Wednesday, November 26, 2008

Ferran Adria and A Day at elBulli

I first heard about Ferran Adria from Anthony Bourdain's essays about him. Bourdain is my favorite food writer so when he talks about a chef as if that chef were an alchemist or a magician or Picasso, I take note. Unfortunately, Ferran Adria's cookbook was a multi-thousand euro affair only available in the Catalan or Basque and Adria's restaurant elBulli is located in an isolated section of Catalonia in Spain, serves only 8,000 sittings a calendar year and costs 250 euros per person per meal. So it was only through Bourdain's essays that I could experience anything Adria was doing.

Until Phaidon, the publisher that put out 1080 and The Silver Spoon (one of my favorite cookbooks), released A Day at elBulli. A Day at elBulli is not a cookbook with a list of recipes coupled with alluring photographs of the dishes, but an examination of the creative process.

elBulli is only open six months a year. The rest of the year, Adria and his creative team, including his brother, an organic chemist, and an industrial designer work to develop the next year's menu and this book is an examination of that process. The book starts with beautiful pictures of the Costa Brava and follows Adria and his staff on a serving day right up to washing dishes and closing the restaurant down. Along the way, inserts explain the details that go in to creating such a dining experience and expound Adria's dining philosophy. The inserts include; Creative Methods I, II, and III; Knowledge is essential for judging the products; Cooking and art; and, one of my favorites, What happens between a restaurant and its guests? which enumerates the responsibilities and factors involved in a dining experience including the "sixth sense" of the guest "which can be stimulated in these ways":

-transgression of restaurant conventions

-childhood memories



-irony and provocation



-a 'knowing wink'

-recognition of a cultural reference

-confounded expectations


There are recipes for the daring, but this book is for more than just foodies. In a way it is a handbook for creativity, by giving us detailed access into the mind of one of the world's creative geniuses. For example this definition of creativity is offered:

Creativity...can be measured: it is possible to document a technique and to establish whether it is new. But to be truly creative, a dish must be interesting as well as new. The aim at elBulli is to create dishes and techniques that engage guests' sensory, emotional and intellectual faculties to the full, to surprise them and to encourage them to experience food in new and unexpected ways.

I may never get the chance to actually dine at elBulli (most of us won't) but this book offers enough of Adria's creativity for us to still learn from the work he is doing in his kitchen.

Wednesday, November 12, 2008

Chris Adrian at the bookstore tomorrow

One of my favorite prose writers will be at the bookstore tomorrow, November 13 at 7pm. Chris Adrian is the author of Gob's Grief and The Children's Hospital (a staff pick of mine). He'll be reading from his new collection of short stories, A Better Angel. I've read and enjoyed the first three stories "High Speeds," "The Sum of Our Parts," and "Stab," and the collection contains one of my favorite stories of last year, "Why Antichrist?" (It appeared in the "Evil" themed issue of Tin House last year.)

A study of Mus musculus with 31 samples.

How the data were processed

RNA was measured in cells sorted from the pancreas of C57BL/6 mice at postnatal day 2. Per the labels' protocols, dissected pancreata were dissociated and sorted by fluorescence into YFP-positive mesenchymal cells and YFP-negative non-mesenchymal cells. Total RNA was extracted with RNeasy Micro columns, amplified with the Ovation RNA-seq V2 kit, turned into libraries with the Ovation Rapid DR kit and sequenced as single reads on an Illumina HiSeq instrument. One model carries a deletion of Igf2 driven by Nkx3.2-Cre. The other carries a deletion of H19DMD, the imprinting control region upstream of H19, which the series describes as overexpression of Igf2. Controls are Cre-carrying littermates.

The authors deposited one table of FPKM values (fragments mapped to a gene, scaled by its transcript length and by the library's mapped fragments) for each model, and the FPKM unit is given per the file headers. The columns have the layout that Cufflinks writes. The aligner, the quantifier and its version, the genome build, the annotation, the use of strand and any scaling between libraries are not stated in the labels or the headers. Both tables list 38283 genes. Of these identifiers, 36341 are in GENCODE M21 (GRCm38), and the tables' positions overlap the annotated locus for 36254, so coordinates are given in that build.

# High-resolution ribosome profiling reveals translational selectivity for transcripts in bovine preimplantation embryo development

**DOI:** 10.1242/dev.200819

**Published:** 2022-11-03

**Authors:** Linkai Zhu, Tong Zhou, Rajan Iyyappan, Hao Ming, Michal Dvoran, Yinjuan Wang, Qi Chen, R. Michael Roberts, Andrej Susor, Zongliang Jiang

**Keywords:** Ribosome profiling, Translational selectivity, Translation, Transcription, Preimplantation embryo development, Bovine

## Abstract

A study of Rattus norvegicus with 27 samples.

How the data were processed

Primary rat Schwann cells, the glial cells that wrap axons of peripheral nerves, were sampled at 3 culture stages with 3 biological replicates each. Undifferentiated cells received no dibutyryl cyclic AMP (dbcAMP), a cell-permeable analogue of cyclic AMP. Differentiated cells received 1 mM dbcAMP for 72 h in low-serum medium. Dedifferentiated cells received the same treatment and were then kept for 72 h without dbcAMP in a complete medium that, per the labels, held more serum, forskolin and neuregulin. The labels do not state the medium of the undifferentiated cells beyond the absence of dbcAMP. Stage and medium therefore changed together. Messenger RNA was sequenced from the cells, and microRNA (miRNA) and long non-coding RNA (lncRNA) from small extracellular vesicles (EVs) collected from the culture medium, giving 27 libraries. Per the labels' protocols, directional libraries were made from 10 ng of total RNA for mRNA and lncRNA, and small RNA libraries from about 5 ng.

"Why Anitchrist?" is a fresh take on the idea of the Antichrist and the nature of evil in general told in the first person of the Antichrist himself. It also manages to break new ground in exploring the effects of 9/11 on our culture. That story alone makes the collection worth a read.

Secret Suppers

While I'm not really supportive of the movement (there are, after all, good reasons for restaurants to be licensed and obey zoning laws, etc.), I'd like to bring to your attention a new book about the underground dining phenomenon that's spreading across the country. It's titled, Secret Suppers, by Jen Garbee. (Full disclosure: I attended an underground dinner as a guest of the publisher of this book last Spring while attending our industry's annual trade show in Los Angeles. The dinner was memorable not only for the excellent food and wine, but also the magnificent hillside garden setting and the hospitality of our hosts.) While I would have preferred a more colorful presentation rather than the black-and-white, "underground" design of the book, in Secret Suppers, Garbee gives a sampling, with recipes, of the many different kinds of dining experiences created by these outlaw chefs.

Thursday, November 6, 2008

November 20th Michael Greenberg Event

Having just finished reading Michael Greenberg's powerful new memoir - Hurry Down Sunshine - I am now even more excited about his upcoming event here at PSB. Frankly and with a keen nuanced eye, Greenberg tells the story of his daughter's emotional crack up, hospitalization, treatment and how she moved forward, then backward, and forward again; her life an emotional roller coaster. As her father, he suffers pangs of guilt and moments of hope. This extraordinary book lays everything out in mesmerizing prose and unsparing detail. I urge you to join us on Thursday, November 20th at 7 PM to hear Michael Greenberg read and discuss Hurry Down Sunshine.

Wednesday, November 5, 2008

Brava, Strega Nona!

I am a virgin blogger, so here goes!

It's finally arrived - Tomie's POP-UP collaboration with master paper engineer, Bob Sabuda! A must for the holiday season for kids and adults alike. Check it out -

Brava, Strega Nona!: A Heartwarming Pop-Up Book!